I often wonder if babies Blue and North will one day be sitting in their million-dollar Barbie mansions comparing the music that their fathers were making in 2013. If so, North definitely gets bragging rights.

One of the things that ceaselessly impresses me about Kanye West is his intense focus on pushing hip-hop into new musical schemas of sound. Yeezus is certainly no different. Much like My Beautiful Dark Twisted Fantasy, the rapper’s latest work seems to challenge his peers to up their game and shake themselves loose from the repetitive drum and bass lines that have plagued hip-hop for two decades now. Unfortunately, it seems that Jay-Z is yet to hear Yeezy’s call to arms.

While Magna Carta… Holy Grail does feature some fierce bass lines and outstanding (albeit predictable) performances from the vocalists who have managed to keep his commercial sound afloat over the past ten years (Beyoncé, Justin Timberlake, Frank Ocean), it is still unclear as to what Jay-Z has learnt about both music production and himself during the process of recording this album. For instance, ‘Picasso Baby’ presents an opportunity for him to analyse his role in the art world, or even to show an appreciation for the beauty of art and/or music. Yet the only thing that Jay seems to find valuable about paintings by Picasso is the price tag and the status that comes with it. As if he wasn’t already rich and famous enough.

So what has Yeezy Baby gained from the various life experiences he has attained over the past three years? Well, evidently not much more than Jay. His biggest concern seems to be getting “spunk on the mink” after he has fucked you “hard on the sink” (good grief I hope my mother doesn’t read this). Yet when one listens to the many samples that he so cheekily crafts to suit his musical needs, the more nuanced meanings of his music become apparent. A prime example is ‘Blood on the Leaves’. I was initially outraged to hear that West had the hubris to use such a deeply emotive song (‘Strange Fruit’, originally by Billie Holiday, but Kanye uses Nina Simone’s version) in such a blasé way. Yet a more cautious listening reveals his intent to compare the ensnaring of men by pregnant women with the restrictions that blacks suffered in America pre-Civil Rights era. Woah. Deep. Kind of.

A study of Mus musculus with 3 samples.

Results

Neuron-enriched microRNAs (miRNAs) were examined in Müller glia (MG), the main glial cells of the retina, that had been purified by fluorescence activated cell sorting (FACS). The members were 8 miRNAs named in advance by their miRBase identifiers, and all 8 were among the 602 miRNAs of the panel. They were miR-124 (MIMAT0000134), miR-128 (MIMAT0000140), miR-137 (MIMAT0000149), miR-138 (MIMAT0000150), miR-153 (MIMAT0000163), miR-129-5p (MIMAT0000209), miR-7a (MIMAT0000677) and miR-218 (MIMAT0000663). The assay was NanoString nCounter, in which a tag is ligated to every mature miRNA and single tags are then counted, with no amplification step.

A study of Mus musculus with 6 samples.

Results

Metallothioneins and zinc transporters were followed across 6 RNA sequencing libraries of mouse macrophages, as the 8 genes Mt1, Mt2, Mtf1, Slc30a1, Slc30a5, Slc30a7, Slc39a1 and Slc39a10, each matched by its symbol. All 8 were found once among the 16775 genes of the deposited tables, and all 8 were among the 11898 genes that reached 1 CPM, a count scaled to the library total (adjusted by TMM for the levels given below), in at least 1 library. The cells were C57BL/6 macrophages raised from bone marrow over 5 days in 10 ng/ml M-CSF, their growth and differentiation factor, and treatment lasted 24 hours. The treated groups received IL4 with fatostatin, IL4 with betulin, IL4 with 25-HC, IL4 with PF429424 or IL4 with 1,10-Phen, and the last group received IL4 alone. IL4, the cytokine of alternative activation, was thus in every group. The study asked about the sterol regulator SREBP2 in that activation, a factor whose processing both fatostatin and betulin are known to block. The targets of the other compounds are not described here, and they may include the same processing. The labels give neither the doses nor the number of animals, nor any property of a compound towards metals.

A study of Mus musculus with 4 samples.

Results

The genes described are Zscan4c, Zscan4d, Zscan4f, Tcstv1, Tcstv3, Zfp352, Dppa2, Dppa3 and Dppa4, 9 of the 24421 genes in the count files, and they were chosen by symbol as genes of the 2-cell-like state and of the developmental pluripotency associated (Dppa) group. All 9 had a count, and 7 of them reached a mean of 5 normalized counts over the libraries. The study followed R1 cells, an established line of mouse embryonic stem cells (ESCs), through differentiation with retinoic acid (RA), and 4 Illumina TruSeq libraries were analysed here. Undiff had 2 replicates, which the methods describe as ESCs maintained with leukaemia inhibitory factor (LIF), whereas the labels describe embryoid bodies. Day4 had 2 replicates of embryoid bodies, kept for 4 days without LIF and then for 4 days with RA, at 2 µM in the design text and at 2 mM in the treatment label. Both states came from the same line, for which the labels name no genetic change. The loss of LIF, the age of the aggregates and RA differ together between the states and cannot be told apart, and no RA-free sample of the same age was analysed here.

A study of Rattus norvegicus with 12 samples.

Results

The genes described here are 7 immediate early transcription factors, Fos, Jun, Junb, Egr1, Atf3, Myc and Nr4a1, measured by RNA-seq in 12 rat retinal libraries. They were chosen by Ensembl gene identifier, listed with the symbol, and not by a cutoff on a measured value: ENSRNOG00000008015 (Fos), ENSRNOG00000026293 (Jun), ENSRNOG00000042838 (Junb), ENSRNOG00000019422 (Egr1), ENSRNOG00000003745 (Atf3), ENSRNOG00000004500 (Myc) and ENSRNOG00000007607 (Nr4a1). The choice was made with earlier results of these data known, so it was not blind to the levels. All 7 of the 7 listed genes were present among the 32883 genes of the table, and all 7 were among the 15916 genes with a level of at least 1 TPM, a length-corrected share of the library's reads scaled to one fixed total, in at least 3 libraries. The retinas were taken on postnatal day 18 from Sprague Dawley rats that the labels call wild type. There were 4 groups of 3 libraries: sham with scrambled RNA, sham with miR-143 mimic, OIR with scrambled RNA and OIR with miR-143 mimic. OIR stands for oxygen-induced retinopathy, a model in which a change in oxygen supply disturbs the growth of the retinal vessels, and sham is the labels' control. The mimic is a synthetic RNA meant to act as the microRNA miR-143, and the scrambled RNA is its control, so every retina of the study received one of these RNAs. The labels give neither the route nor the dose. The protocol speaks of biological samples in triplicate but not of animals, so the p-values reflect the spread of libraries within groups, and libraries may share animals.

But what about ‘the music itself ’? Essentially, Kanye’s new music was formed in a cosmic vacuum where only Death Grips and his previous album 808s and Heartbreaks exist. He clearly worked hard to create a sound that is gritty and challenging to the average pop/hip-hop listener, utilising distorted synthesizers, human screams, and almost consistently placing his songs in minor keys, producing an almost otherworldly effect. Arguably, this style was somewhat inherently necessary to his development as a musician. He has worked with samples from just about every genre to have been caught in the limelight of pop music, while 808s elicited an electronic vibe, and Fantasy explored the emotive power of live instruments such as piano and cello. So what better way for West and his producers to push their own self-prescribed boundaries than to – in my rather wimpish opinion – attempt to scare their audience?

And then there is ‘Bound 2′, the last track featured on Yeezus. The jagged and interrupted rhythms of the soulful samples are almost completely juxtaposed against Kanye’s rapping, which bubbles along ostensibly oblivious to the backing track. While it trades the aggressiveness of the rest of the album for melodicism, the disjointed rhythms continue to raise questions as to whether it is actually pleasant music to listen to or not.

Meanwhile, Jay’s music hardly deserves the adjective ‘new’.

Yeezus – 4/5

Magna Carta… Holy Grail – 2/5


    “his intent to compare the ensnaring of men by pregnant women with the restrictions that blacks suffered in America pre-Civil Rights era”.

    I liked yr review but I didn’t feel like that was his point, or at least I feel like this overly simplifies it. I don’t know if he even had a concrete meaning in using the sample on the song, but Strange Fruit=fruit of the loins, or “black bodies swaying in the summer breeze” might suggest abandoned children. Black people today are the strange fruit from the tree of racist America? Absentee fathers are the fruit of that past? Flamboyant displays of wealth (see what he’s saying in New Slaves) are the fruit of that past?

  2. klane says:

    never mind there’s like a hundred better interpretations on rap genius.